A new study has demonstrated that when coyote parents become habituated to humans, their offspring become more habituated, too. This potentially can lead to negative interactions between coyotes and humans.
Across North America, coyotes are moving into urban environments, and regardless of how they feel about it, urban residents are having to get used to some new animal neighbors. A big question for wildlife researchers is how coyotes habituate to humans, which can potentially lead to conflict…
Until the 20th century coyotes lived mostly in the Great Plains. But when wolves were hunted almost to extinction in the early 1900s, coyotes lost their major predator, and their range began to expand. With continuing landscape changes, coyotes are now increasingly making their way into suburban and urban environments — including New York City, Los Angeles and cities in the Pacific Northwest — where they live, mainly off rodents and small mammals, without fear of hunters.
The new study attempted to understand how a skittish, rural coyote can sometimes transform into a bold, urban one — a shift that can exacerbate negative interactions among humans and coyotes…
A key factor may be parental influence. Coyotes pair for life, and both parents contribute equally to raising the offspring. This may be because of the major parental investment required to raise coyote pups, and the evolutionary pressure to guard them from larger carnivores.
The new study observed coyote families at the Utah facility during their first and second breeding seasons. These coyotes are raised in a fairly wild setting, with minimal human contact and food scattered across large enclosures.
During the experiment researchers occasionally placed all the food near the entrance of the enclosure and had a human researcher sit just outside, watching any approaching coyotes, from five weeks to 15 weeks after the birth of the litter. Then they documented how soon the coyotes would venture toward the food.
The study results suggests coyotes can habituate to humans quickly and that habituated parents pass this fearlessness on to their offspring.
“For the first season, there were certain individuals that were bolder than others, but on the whole they were pretty wary, and their puppies followed. But when we came back and did the same experiment with the second litter, the adults would immediately eat the food — they wouldn’t even wait for us to leave the pen in some instances.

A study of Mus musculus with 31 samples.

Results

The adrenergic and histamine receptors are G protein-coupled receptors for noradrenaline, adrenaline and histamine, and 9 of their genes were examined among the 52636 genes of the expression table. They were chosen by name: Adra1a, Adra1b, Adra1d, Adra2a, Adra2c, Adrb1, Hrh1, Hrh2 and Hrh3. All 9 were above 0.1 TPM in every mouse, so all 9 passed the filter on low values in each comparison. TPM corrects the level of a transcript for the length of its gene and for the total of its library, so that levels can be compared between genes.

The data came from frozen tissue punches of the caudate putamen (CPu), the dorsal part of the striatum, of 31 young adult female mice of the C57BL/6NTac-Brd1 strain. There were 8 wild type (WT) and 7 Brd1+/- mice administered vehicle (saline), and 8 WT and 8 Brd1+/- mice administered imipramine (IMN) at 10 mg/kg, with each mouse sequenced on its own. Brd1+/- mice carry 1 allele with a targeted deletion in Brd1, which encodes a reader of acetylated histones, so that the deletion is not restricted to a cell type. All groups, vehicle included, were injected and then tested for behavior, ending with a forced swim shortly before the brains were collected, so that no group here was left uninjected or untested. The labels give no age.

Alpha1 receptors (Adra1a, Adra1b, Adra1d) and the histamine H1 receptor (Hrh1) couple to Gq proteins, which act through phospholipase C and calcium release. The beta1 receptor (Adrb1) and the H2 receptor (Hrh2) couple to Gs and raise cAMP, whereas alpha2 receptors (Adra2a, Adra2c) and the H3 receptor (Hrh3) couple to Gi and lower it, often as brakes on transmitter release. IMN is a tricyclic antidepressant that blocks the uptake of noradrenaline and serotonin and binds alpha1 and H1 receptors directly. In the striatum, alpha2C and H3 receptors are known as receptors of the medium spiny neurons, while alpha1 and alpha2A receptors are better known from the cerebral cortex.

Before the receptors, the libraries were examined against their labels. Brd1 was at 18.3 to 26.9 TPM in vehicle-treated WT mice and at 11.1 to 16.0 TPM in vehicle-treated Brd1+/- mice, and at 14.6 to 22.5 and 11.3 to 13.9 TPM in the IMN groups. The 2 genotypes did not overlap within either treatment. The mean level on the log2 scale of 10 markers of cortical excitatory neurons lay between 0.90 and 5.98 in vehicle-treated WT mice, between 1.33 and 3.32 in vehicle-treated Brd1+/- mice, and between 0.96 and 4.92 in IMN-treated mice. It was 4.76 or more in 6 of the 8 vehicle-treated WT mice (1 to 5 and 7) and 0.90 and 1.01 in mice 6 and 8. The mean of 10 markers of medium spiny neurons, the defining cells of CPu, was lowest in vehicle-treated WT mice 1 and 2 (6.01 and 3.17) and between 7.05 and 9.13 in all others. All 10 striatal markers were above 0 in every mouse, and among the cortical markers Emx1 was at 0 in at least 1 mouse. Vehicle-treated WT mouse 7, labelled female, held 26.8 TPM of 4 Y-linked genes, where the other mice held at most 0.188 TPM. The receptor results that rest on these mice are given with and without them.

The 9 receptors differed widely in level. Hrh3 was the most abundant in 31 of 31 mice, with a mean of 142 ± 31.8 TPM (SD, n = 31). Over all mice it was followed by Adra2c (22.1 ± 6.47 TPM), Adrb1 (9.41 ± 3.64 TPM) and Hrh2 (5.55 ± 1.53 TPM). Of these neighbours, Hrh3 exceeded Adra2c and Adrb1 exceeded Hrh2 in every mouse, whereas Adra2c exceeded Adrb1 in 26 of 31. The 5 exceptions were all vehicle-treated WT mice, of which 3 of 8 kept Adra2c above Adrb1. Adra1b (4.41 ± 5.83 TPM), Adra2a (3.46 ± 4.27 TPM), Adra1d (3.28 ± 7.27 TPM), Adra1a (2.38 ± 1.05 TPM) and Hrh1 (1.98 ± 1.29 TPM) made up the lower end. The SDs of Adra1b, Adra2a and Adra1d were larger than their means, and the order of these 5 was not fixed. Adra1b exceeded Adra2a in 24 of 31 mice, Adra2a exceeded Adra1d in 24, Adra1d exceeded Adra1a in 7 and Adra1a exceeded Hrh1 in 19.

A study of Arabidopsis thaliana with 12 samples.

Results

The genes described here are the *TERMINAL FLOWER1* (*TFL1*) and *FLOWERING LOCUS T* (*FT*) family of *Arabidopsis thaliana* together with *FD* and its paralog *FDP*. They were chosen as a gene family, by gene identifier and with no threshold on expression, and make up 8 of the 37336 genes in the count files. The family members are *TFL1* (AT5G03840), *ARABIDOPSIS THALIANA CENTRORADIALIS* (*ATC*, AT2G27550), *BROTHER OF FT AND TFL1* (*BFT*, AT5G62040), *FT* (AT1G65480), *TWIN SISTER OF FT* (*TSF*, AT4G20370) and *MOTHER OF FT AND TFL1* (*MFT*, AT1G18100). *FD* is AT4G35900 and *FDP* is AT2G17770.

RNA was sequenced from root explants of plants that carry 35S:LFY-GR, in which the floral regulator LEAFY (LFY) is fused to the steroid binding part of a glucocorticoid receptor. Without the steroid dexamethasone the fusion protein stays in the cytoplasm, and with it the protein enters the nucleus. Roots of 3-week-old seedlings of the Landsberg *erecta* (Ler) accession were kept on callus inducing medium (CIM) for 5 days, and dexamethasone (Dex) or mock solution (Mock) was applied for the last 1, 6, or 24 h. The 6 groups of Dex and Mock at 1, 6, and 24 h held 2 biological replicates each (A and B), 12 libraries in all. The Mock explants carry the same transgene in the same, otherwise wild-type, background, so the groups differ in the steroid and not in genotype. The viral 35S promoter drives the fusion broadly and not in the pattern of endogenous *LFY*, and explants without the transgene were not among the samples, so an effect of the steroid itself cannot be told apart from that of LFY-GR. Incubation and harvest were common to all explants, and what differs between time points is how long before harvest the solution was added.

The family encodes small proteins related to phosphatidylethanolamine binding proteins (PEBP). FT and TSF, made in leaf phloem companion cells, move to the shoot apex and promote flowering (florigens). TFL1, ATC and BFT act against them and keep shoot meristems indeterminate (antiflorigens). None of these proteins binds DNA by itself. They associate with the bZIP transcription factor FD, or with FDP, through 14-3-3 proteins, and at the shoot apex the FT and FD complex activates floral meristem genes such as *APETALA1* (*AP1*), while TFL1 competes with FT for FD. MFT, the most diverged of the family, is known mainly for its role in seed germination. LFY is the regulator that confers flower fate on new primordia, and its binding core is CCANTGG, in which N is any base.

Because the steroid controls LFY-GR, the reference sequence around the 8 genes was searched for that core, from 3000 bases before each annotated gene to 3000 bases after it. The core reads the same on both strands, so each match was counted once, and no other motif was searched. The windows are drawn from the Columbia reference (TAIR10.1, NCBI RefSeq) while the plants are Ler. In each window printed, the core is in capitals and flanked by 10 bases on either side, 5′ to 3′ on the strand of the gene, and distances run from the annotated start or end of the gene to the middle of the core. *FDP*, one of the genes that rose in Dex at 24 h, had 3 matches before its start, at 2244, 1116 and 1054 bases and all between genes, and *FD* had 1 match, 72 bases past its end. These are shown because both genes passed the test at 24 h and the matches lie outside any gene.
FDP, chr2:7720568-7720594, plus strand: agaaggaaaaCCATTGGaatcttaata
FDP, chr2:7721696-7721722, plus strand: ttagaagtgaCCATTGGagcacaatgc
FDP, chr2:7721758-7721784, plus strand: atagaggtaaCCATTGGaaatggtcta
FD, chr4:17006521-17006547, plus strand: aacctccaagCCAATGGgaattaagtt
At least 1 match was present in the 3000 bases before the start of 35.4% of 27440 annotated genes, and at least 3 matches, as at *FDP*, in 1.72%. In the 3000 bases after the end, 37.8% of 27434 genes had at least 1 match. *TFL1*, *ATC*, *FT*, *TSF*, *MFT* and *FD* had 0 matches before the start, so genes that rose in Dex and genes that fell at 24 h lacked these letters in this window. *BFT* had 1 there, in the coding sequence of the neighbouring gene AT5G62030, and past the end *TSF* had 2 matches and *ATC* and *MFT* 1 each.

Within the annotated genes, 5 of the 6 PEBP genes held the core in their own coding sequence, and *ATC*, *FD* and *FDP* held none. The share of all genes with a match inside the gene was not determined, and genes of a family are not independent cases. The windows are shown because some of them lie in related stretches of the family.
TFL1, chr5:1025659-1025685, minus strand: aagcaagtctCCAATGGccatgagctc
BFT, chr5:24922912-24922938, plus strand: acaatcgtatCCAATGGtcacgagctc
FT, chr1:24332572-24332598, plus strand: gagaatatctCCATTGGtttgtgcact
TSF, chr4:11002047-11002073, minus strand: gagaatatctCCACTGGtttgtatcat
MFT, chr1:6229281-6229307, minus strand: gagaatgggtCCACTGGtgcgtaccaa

Parents became way more fearless, and in the second litter, so, too, were the puppies.”
-Dr. Christopher Schell, assistant professor, University of Washington, Tacoma
In fact, the most cautious pup from the second-year litter ventured out more than the boldest pup from the first-year litter.
The study also looked at two hormones in the coyotes’ fur — cortisol, the “fight or flight” hormone, and testosterone. The second litter of pups had mothers who experienced more stress during pregnancy, due to the researchers’ presence during the experiment, so that may have affected their development in the womb. But hormonal changes do not seem to have been passed down in that way.
Instead, the fur samples showed that the bolder pups had higher cortisol levels in their blood, meaning they ventured to the food despite their fear of humans.
Journal Reference: Christopher J. Schell, Julie K. Young, Elizabeth V. Lonsdorf, Rachel M. Santymire, Jill M. Mateo. Parental habituation to human disturbance over time reduces fear of humans in coyote offspring. Ecology and Evolution, 2018; DOI: 10.1002/ece3.4741
Other co-authors of the recent paper include Julie Young at the U.S. Department of Agriculture’s Predator Research Facility in Utah; Elizabeth Lonsdorf at Franklin and Marshall College in Pennsylvania; Rachel Santymire, who has a joint appointment at the University of Chicago and Chicago’s Lincoln Park Zoo, and Jill Mateo, the latter two serving as Schell’s doctoral co-advisors at the University of Chicago. The study was supported by the University of Chicago, the National Science Foundation and the U.S. Department of Agriculture.
Ongoing research: Dr. Schell and the Point Defiance Zoo & Aquarium will launch the Grit City Carnivore Project, which will use infrared motion-capture cameras to track coyotes and raccoons throughout the region. It’s part of the Chicago-based Urban Wildlife Information Network, studying urban wildlife across the country.